Everyone has heard the saying… Cash is King. The point of this saying from an accounting perspective is that it is not enough for a business to be profitable in order to be successful. In addition to profitability, a business must be well capitalized and have proper cash management to even stay in business, let alone provide worthwhile returns to ownership. In the world of construction, these points are magnified by the unique and complex cash management challenges faced by the industry.
Management of cash flow begins for the contractor well before a job actually starts. There are important decisions which need to be made in developing a bid and in entering into a contract. Here are a couple important cash flow factors to consider before committing to a new construction contract:
Many large jobs require retainage which can be a serious drag on cash flow. For those who are unfamiliar with the concept: Retainage is an amount of billings which the owner or general contractor will hold back until a job is complete. Commonly 10% of billings are held back until a job is complete or specific punch list items have been completed. In an environment where it’s a challenge for contractors to put 10% income on their bottom line this means that at best a job may break even until the retainage is paid out.
If your company is not used to having retainage held back on a job, then careful consideration should be given to whether the company can afford to dedicate its resources to a job in which the profit is delayed until completion. For all contractors, it is obviously beneficial to negotiate retainage out of a contract or mitigate its impact by having various milestones at which a portion of retainage is released.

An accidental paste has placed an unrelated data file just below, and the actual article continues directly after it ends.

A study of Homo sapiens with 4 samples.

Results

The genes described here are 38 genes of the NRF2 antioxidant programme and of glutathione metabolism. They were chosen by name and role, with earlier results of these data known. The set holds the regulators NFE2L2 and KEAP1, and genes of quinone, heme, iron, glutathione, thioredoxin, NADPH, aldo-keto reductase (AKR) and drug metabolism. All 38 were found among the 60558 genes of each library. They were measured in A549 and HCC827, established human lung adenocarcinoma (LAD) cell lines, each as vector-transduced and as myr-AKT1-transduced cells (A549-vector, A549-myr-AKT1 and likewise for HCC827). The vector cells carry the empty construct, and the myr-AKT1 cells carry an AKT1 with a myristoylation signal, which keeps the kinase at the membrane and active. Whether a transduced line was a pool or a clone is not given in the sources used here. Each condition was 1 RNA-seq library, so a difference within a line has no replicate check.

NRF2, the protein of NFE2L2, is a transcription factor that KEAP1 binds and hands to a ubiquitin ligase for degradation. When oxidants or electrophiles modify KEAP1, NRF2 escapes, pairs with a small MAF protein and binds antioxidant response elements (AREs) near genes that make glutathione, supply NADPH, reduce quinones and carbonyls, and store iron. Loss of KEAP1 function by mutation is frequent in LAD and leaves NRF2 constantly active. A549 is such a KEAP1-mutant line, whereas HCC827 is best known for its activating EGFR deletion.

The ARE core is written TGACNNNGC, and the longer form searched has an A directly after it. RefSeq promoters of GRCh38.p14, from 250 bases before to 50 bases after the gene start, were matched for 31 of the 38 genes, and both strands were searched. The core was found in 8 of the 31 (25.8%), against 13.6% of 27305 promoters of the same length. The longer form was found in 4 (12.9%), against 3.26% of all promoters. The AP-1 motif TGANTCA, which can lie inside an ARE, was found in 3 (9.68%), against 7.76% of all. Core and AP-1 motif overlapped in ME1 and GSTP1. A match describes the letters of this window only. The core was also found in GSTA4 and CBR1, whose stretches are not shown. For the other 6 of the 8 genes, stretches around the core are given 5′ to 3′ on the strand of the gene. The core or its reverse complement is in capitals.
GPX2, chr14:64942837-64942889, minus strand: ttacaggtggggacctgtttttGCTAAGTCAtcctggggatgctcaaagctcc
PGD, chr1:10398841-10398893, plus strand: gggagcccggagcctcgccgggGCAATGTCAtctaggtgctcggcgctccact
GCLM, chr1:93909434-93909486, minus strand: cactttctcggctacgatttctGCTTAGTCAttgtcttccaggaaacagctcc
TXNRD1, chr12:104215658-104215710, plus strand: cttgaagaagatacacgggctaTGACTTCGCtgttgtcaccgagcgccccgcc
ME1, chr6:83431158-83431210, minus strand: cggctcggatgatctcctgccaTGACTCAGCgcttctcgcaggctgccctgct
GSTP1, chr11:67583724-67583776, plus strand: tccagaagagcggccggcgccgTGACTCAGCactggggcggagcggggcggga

The cash flow for all construction jobs is not created equal. Various factors can affect whether a job’s cash flow will keep up with its profitability. Beyond retainage the most prominent factor that will determine how well the cash flows is the owner or general contractor. The person paying your bill obviously has a huge influence on your cash flow and in this industry, the decision to work with certain groups is more important than any other industry considering the complex billing procedures.
Before committing to a job, a contractor should understand the extent to which they will need to finance the job and ensure they have the resources to do so. When working within an existing relationship, the contractor has all of the information needed to estimate the financing that will be required however this analysis is rarely completed. Preparing a job-level cash flow analysis by retrofitting the job schedule for this purpose can provide very meaningful data in determining the cash impact a new job will have. Having this information available can be a great tool for understanding if a particular job could create an unsustainable cash crunch or simply additional interest expense that may be avoidable if working with another owner or general contractor.
It is critical that the management of closely held businesses understand all the factors that impact their cash situation because mismanagement of cash can be a fatal flaw even for companies who may otherwise appear to be profitable. Careful consideration should be given to the cash flow implications of accepting new work and cash flow management should be at the top of mind throughout the life cycle of each contract. Paying attention to the concepts discussed in this article can help you provide a better cash return to your owners and avoid cash flow pitfalls. MKS&H can assist with a job level analysis that can provide information for these front end decisions, as well as maximizing cash flow during the life of a job. Let us know if we can help!